What May Pump Up Westinghouse

Now that the Presidential elections are out of the way, investment manager Mark Boyar is gearing up for a big switch in the market. "Money will begin to flow out of areas that have become overpriced and into stocks that are undervalued," says Boyar, who heads a New York investment firm that specializes in companies with unrecognized intrinsic value. The out-of-favor stocks, he expects, "will be in, and the current hits will be out."

A stock in Boyar's "in" category: Westinghouse Electric (WX)--one of the worst-performing components of the record-breaking Dow Jones industrial average for the past two years. Although the Dow has rocketed up 20% this year, Westinghouse has edged up only 7%, to 18 a share. It's barely half of its high of 35 in 1990.

In the next few months, Boyar thinks the stock will climb to the mid-20s. In 12 to 18 months, he sees it rising to 35--solely on the company's business potential. Boyar bought into Westinghouse after it acquired CBS for $5.4 billion in November, 1995.

Westinghouse is the kind of company, he notes, that "you nurture and hold for a longer period because of its huge, still-unrecognized assets." Westinghouse, which sold off some assets earlier this year, agreed in October to acquire Infinity Broadcasting for $3.8 billion in stock in order to widen its reach in the radio business. With CBS and Infinity, notes Boyar, Westinghouse is building up a radio-and-TV empire that he believes in three to five years will become the leader in broadcasting.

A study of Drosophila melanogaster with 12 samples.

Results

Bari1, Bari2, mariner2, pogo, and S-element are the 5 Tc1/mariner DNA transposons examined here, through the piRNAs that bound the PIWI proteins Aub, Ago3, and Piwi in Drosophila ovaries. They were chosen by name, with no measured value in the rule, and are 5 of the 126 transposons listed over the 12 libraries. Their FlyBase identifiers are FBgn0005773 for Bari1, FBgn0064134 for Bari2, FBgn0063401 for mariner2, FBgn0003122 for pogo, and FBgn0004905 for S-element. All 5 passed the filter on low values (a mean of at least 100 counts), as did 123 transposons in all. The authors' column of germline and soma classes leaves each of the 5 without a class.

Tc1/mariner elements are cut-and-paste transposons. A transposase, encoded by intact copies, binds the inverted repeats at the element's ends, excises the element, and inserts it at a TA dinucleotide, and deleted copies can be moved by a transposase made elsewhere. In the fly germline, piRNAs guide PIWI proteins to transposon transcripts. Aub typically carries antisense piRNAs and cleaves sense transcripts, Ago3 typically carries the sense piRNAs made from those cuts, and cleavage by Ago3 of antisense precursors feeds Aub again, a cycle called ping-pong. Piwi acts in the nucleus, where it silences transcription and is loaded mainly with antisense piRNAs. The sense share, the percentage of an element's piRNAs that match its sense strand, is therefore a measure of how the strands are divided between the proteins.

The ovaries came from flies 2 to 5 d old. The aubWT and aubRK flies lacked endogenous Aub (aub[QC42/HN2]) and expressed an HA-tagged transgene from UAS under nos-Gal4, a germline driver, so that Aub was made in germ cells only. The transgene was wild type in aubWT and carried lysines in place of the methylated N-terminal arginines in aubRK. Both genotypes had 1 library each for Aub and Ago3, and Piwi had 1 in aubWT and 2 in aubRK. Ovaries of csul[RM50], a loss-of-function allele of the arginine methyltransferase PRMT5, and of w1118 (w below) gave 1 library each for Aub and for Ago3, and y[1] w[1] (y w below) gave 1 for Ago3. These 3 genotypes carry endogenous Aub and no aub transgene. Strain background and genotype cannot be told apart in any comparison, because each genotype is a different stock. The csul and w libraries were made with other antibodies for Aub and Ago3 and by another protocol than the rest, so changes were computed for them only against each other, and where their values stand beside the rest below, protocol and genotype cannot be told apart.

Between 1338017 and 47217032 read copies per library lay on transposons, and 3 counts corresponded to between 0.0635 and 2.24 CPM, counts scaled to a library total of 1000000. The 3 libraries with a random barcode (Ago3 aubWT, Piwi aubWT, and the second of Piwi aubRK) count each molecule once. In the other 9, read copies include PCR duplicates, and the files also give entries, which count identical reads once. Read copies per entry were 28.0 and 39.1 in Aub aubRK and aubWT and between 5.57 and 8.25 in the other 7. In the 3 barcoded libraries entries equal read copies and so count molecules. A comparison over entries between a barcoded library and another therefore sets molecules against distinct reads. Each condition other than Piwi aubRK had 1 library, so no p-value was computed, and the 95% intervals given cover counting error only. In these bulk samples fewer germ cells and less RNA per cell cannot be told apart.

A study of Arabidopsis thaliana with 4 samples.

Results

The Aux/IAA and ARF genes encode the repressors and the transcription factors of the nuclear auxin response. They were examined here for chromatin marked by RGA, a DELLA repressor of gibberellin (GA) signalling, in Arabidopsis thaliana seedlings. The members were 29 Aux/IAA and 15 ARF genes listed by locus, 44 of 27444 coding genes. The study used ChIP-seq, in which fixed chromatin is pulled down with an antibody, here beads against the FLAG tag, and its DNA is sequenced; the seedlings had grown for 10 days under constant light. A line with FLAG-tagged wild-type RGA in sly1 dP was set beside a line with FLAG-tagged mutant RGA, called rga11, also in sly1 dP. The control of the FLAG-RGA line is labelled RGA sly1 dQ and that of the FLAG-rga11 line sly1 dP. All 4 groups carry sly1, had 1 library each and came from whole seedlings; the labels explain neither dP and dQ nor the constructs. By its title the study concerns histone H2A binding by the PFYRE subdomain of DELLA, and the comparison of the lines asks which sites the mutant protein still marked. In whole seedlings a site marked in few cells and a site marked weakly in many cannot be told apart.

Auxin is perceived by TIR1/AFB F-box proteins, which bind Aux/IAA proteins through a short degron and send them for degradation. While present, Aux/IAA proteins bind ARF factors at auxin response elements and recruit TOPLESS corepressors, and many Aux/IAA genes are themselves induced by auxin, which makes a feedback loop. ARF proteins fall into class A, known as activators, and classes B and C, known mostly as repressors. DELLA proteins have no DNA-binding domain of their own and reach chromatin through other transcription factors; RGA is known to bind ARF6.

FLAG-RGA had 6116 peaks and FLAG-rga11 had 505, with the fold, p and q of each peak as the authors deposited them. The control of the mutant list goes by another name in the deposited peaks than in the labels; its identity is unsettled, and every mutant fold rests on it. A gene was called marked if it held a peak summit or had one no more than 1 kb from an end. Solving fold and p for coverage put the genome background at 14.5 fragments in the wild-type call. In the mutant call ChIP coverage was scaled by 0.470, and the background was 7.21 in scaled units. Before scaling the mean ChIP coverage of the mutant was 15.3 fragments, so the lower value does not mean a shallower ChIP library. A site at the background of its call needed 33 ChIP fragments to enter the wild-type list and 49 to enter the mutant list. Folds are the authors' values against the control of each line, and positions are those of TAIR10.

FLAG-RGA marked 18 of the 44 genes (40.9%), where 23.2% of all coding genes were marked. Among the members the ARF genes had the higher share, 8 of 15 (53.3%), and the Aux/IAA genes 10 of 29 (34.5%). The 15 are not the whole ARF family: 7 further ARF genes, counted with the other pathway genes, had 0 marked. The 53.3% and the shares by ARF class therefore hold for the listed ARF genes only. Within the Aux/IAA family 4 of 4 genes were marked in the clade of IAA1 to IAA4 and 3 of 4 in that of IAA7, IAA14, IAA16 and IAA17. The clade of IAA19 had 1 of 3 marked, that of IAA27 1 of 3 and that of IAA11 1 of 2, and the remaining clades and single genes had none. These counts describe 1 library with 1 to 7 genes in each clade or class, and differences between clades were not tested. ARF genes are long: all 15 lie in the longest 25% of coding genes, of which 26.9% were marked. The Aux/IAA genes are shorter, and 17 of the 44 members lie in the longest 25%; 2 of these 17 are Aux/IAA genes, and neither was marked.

Westinghouse is looking into splitting the company in two: broadcasting and industrial operations. Here's how Boyar sees events unfolding:


Westinghouse will first sell or spin off to shareholders its industrial businesses, valued at more than $4 billion. These include power generation and temperature-control equipment.

As for CBS, Group W radio, and Infinity Broadcasting--which Boyar says are worth "conservatively" $13 billion--they will become Westinghouse's core business. "Westinghouse should then command a higher market valuation."

Once Westinghouse achieves that goal, he says, the TV-and-radio network will become an "attractive takeover target--whether CEO Michael Jordan wishes it or not--for the likes of MCA," Seagram's film-and-entertainment unit. Argues Boyar: "Such valuable long-term assets make Westinghouse a priceless play over the near term."